A Cook County judge has shut the door on an attempt by the owner of a luxury high-rise apartment building in Chicago’s Theater District to make Airbnb pay for allowing tenants to use the online short-term vacation rental platform to find tourists willing to sublet their apartments, which, the apartment building owners said, violate the terms of the leases, while disrupting life in the apartment building.
In his 33-page opinion, Cook County Circuit Judge Moshe Jacobius on Feb. 14 dismissed all of the counts against Airbnb in the lawsuit brought last July by MDA City Apartments LLC, owner of what they describe as a “historic building” at 63 E. Lake St., at the corner of East Lake and North Wabash Avenue, in Chicago’s North Loop. The building contains 190 apartments, ranging from studio units to three bedrooms. The units are listed for rent from about $1,600-$3,600 per month.
Leonard Gail | Massey & Gail LLP
The lawsuit named as defendants Airbnb and another company, TempHomes Chicago, which the complaint said specializes in providing “temporary living and corporate housing” and which the complaint asserts holds several apartments in the 63 E. Lake building.
According to the lawsuit, many tenants, including TempHomes, list units for short-term rent through Airbnb, even though their leases and building rules prohibit them from doing so. MDA City’s lawsuit alleged this has led to “security issues” in the building, including noise complaints, vandalism and “trespass.” The landlord further alleged the stream of unauthorized sublessors through Airbnb has also led to a number of tenants declining to renew their leases.
They argued Airbnb should be held liable because MDA informed Airbnb of the lease terms and rules barring apartment tenants from listing their units for sublease, but the short-term vacation rental service refused to take down the listings, encouraging the tenants in their actions, “aiding and abetting trespass” and other damage, and interfering with MDA’s business relationships.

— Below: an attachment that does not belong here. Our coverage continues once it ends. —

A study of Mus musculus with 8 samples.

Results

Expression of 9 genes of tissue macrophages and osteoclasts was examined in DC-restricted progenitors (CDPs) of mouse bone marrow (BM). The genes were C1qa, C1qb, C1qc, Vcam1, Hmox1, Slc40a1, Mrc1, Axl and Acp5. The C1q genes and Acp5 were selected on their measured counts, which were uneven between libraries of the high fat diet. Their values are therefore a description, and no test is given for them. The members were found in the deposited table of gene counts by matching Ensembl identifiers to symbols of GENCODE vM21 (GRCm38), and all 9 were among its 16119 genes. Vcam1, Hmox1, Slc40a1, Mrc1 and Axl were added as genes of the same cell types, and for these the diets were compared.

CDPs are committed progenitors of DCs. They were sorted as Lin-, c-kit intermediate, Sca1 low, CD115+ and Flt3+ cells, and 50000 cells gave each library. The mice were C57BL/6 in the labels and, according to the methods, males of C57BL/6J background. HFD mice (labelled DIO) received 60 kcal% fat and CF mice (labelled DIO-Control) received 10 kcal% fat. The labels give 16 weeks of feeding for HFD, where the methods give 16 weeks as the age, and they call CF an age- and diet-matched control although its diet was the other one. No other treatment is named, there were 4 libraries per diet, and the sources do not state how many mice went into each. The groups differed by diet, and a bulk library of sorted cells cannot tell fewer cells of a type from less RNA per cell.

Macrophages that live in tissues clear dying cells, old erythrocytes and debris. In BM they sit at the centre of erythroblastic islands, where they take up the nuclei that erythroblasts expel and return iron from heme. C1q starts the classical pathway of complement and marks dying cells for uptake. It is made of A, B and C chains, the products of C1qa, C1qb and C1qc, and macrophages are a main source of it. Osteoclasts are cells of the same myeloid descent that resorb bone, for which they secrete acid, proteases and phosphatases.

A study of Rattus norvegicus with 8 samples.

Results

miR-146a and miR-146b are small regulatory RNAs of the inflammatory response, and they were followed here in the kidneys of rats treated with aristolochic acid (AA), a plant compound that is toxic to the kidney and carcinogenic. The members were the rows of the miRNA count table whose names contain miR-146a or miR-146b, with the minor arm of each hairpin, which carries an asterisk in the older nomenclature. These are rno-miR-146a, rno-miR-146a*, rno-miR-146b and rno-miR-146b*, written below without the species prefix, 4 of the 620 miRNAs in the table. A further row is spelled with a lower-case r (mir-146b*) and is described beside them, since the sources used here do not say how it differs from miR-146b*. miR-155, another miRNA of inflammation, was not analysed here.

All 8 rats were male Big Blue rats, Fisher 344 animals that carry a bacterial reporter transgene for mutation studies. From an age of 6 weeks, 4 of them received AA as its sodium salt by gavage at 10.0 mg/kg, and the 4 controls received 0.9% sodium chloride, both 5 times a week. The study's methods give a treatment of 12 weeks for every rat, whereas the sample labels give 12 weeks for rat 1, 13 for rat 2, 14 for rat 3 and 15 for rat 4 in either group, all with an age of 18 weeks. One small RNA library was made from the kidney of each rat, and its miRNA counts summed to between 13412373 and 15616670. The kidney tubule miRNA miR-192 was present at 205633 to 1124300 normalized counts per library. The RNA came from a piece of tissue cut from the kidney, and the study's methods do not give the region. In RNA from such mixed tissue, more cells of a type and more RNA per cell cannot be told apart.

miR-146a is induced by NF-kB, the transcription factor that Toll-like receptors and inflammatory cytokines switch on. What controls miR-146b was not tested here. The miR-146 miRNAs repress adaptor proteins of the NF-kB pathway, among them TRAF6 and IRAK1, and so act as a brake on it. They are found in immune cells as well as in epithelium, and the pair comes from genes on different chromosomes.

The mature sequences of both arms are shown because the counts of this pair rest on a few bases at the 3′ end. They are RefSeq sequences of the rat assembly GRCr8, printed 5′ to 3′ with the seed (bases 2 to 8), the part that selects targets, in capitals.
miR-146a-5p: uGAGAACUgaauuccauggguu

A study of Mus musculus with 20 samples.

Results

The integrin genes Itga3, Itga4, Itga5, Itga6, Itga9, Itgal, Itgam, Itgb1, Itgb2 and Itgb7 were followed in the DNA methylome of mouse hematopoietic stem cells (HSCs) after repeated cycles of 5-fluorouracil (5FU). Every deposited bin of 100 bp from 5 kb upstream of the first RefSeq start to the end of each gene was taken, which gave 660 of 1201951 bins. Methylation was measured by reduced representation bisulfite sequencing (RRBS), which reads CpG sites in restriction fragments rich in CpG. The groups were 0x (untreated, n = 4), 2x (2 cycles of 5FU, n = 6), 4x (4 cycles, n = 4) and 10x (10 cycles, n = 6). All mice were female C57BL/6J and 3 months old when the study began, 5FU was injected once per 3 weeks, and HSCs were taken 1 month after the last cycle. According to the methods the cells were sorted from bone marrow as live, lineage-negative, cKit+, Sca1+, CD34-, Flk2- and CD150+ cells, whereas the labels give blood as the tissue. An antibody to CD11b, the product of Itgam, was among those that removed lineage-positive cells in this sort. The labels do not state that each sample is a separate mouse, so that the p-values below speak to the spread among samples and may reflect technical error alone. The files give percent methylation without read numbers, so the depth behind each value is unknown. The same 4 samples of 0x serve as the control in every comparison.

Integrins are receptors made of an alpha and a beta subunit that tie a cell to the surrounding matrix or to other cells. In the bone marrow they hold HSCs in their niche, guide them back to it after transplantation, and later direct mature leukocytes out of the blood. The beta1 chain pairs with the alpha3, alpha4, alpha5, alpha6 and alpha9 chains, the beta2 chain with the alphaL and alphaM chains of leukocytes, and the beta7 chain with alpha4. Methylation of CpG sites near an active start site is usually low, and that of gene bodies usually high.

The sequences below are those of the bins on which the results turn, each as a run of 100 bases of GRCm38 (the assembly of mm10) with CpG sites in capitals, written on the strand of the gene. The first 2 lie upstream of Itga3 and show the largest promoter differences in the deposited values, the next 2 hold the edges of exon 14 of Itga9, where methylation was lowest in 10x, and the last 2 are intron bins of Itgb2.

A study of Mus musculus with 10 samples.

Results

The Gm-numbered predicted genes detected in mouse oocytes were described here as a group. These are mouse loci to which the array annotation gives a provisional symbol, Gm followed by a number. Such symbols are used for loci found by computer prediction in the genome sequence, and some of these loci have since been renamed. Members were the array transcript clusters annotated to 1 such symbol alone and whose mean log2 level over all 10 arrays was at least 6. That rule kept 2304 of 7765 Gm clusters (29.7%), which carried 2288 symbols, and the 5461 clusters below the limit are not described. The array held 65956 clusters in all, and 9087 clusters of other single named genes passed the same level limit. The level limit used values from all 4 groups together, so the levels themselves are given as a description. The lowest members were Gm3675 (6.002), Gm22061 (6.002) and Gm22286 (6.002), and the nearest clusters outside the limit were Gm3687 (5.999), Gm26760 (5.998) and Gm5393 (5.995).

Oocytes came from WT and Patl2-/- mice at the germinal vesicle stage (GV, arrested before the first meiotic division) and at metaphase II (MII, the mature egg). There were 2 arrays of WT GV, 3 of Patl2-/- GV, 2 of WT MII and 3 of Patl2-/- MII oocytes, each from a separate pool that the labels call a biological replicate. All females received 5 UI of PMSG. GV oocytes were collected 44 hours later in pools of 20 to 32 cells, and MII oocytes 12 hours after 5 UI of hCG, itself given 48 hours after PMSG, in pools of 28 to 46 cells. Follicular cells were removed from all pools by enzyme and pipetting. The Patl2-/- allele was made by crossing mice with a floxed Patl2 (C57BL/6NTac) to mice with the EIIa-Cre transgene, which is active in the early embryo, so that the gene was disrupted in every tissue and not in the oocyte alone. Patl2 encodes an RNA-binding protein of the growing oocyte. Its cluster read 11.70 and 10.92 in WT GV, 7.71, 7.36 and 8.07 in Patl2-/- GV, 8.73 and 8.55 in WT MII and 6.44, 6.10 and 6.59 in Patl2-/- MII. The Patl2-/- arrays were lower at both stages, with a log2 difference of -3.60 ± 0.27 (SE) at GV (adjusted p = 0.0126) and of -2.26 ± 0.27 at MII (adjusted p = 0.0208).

In response, Airbnb asked Judge Jacobius to dismiss the counts leveled against it in the lawsuit, arguing, under the federal Communications Decency Act, it could not be held responsible for tenants’ decisions to list rental opportunities that violate their lease or building rules, and that MDA could not actually demonstrate how Airbnb’s online listings had actually harmed them.
In his ruling, Jacobius entirely sided with Airbnb.
Time and again in the written decision, Jacobius noted MDA had not offered any specific evidence to back its assertions concerning disruption or destruction in its building caused by Airbnb. He noted MDA’s lawsuit and supporting motions have not identified “with any specificity … persons who have trespassed on the property” or “any specific tenant that failed to renew a lease.”
And the judge said the law does not allow him to hold Airbnb responsible for the actions of others using their service to locate short-term rental or vacation housing.
“… The Court does not find that advertising short-term rentals on a website equates to Airbnb controlling what the Airbnb guests did on rented properties,” Jacobius wrote. “There are no allegations that Airbnb controlled or attempted to control any guests’ actions on rented properties.”
The judge also supported Airbnb’s assertions it was protected under the CDA, saying Airbnb met the definition of “interactive computer service,” rather than “information content provider,” and thus could not be held liable for the listings posted by its users.
While MDA argued Airbnb offers a host of services to users, including “verification of the identities of hosts and guests, a secure platform to collect and transfer payments, a $1 million ‘Host Guarantee’ for damage to the property, Host Protection Insurance, ‘Guidebooks’ which provide prospective guests with the ‘best’ places to rent, etc.,” the judge noted “none of these services involve … Airbnb … actually developing any of the information in the listings.”
“In this action, MDA is ultimately taking issue with the content that Airbnb publishes in listings that were created by third-party users and which Airbnb played no active role in creating,” Jacobius wrote. “It is the content of the listings that MDA claims violates its leases.”
He said Airbnb should be treated in this instance as “the publisher/speaker of information that was provided by another information content provider,” and thus, shielded from liability under the CDA.
Jacobius dismissed this element of the complaint against Airbnb, alleging Airbnb’s listing service causes trespass and property damage, with prejudice – meaning MDA is barred from amending their lawsuit to raise it again.
“There are not circumstances under which MDA could replead its claims against the Airbnb defendants to avoid preemption” under the CDA, Jacobius wrote.
MDA City Apartments is represented in the Chicago case by attorneys Chrisopher Kentra, Jeffrey Greenspan and Corey Hickman, of the law firm of Cozen O’Connor, of Chicago.
Representing Airbnb are attorneys Leonard Gail, Suyash Agrawal and Paul Berks, of the firm of Massey & Gail LLP, of Chicago.